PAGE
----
State approaching key testing benchmark

NOW: State approaching key testing benchmark

MADISON, Wis. (CBS 58) – The state is nearing a vital benchmark on its road towards reopening.

The Evers administration announced Monday it is “prepared” to provide 85,000 tests per week for potential COVID-19 patients, a number that is a requisite to move forward in the Badger Bounce Back plan. That is about 12,000 tests per day. The latest data from the Department of Health Services shows the state currently is fast approaching that number with a current daily lab capacity of 11,347.

“We can work to ensure every Wisconsin resident or worker who needs a test, receives a test,” Governor Evers said during a media briefing.

The administration also announced increased efforts in managing community outbreaks, community testing sites throughout the state and providing free testing to the state’s 373 nursing homes and long-term care facilities with the goal of testing more than 10,000 residents and staff per week this month just at those facilities.

“With more testing, we expect to see an increase in positive cases which will allow us to do the necessary contact tracing to stop the spread of COVID-19,” Andrea Palm, the DHS Secretary-desginee said.

Along with testing, the health officials emphasize that effort needs to be paired up with tracing and tracking of COVID-19 infections. The Evers administration has set the goal of hiring and training 1,000 contact tracers as part of that effort. During Monday’s media briefing, Palm said the state has thus far hired and trained more than 250 contact tracers.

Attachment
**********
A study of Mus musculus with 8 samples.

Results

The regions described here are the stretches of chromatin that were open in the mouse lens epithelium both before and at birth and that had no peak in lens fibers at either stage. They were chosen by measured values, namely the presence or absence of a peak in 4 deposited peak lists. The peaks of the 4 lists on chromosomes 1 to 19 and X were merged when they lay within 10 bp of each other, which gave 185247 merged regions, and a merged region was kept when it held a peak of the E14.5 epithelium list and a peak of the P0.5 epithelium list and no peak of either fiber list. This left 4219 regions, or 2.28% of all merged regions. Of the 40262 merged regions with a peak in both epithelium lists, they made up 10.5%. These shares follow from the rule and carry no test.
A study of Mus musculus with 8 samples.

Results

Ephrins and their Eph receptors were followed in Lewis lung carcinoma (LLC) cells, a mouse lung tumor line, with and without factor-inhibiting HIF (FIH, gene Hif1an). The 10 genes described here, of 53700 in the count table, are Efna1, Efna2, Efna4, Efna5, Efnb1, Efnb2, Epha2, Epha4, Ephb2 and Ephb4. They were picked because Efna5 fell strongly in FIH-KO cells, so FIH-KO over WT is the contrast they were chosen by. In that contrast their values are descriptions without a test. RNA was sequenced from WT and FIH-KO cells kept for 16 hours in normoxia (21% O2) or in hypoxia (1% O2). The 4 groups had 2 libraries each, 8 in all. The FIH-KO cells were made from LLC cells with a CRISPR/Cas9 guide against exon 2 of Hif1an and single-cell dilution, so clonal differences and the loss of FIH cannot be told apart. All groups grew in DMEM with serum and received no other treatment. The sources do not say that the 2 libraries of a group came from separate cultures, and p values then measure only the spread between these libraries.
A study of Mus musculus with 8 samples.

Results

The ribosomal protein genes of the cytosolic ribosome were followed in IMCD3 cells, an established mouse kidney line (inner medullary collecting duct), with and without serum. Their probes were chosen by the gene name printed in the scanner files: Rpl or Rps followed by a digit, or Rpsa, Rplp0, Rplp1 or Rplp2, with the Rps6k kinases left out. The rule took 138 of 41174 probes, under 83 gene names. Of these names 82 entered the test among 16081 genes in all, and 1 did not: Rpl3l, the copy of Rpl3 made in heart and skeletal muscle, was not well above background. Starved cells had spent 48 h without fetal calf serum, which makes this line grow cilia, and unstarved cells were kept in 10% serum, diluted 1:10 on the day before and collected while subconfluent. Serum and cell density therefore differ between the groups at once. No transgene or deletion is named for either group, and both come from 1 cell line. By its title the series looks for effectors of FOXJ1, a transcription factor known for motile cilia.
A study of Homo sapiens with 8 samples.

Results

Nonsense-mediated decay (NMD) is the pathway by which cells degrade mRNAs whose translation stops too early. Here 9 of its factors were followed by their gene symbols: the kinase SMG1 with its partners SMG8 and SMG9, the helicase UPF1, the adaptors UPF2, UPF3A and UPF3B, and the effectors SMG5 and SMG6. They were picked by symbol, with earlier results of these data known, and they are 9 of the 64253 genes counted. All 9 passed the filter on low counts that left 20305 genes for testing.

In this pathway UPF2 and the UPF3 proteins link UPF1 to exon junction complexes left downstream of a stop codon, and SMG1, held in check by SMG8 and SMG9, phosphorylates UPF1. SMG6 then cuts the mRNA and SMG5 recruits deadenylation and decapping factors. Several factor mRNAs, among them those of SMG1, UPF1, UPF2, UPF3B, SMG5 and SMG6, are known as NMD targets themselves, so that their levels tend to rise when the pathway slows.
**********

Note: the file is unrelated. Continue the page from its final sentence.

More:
“The folks that we have trained and redeployed already are currently working in this sort of surge kind of capacity to help local communities who are experiencing a slowdown in their ability to do contact tracing in a timely way,” Palm said. “While we ramp the infrastructure, the technology, the rest of the system in order to do this in a sustained way as we turn the dial on Badger Bounce Back.”

The update comes as the administration’s extension of the Safer at Home order is set to go before the state Supreme Court this week.

Following Monday’s briefing, the governor met with legislative leaders from both parties. Both Evers and leaders from the Republican-controlled Legislature exchanged communications between their offices expressing interest in holding a meeting.

“The basic question to be answered is what is their plan?” Evers said when asked by CBS 58 what he hoped would come of the meeting. “Really interested in hearing what their plan is and seeing where there is common ground.”

In their lawsuit, Republicans argue that DHS Secretary-designee Palm is overstepping her authority. The GOP also want more say in the state’s response to the pandemic. The Evers administration argues Palm is acting within her powers and fear that a rules process that Republicans want to establish would slow down the state’s response to a pandemic that evolves rapidly.

In a statement released Monday evening, Assembly Speaker Robin Vos (R – Rochester) said the meeting, “was a good initial discussion” and that the idea of a regional approach to reopening the state was brought up. “What’s needed for Wisconsin right now is a bipartisan reopening strategy that is safe, gradual and regional. We shouldn’t have a Republican plan or a governor’s plan, we need a Wisconsin plan that the entire state can get behind,” Vos added.

Oral arguments in that case are set for Tuesday morning.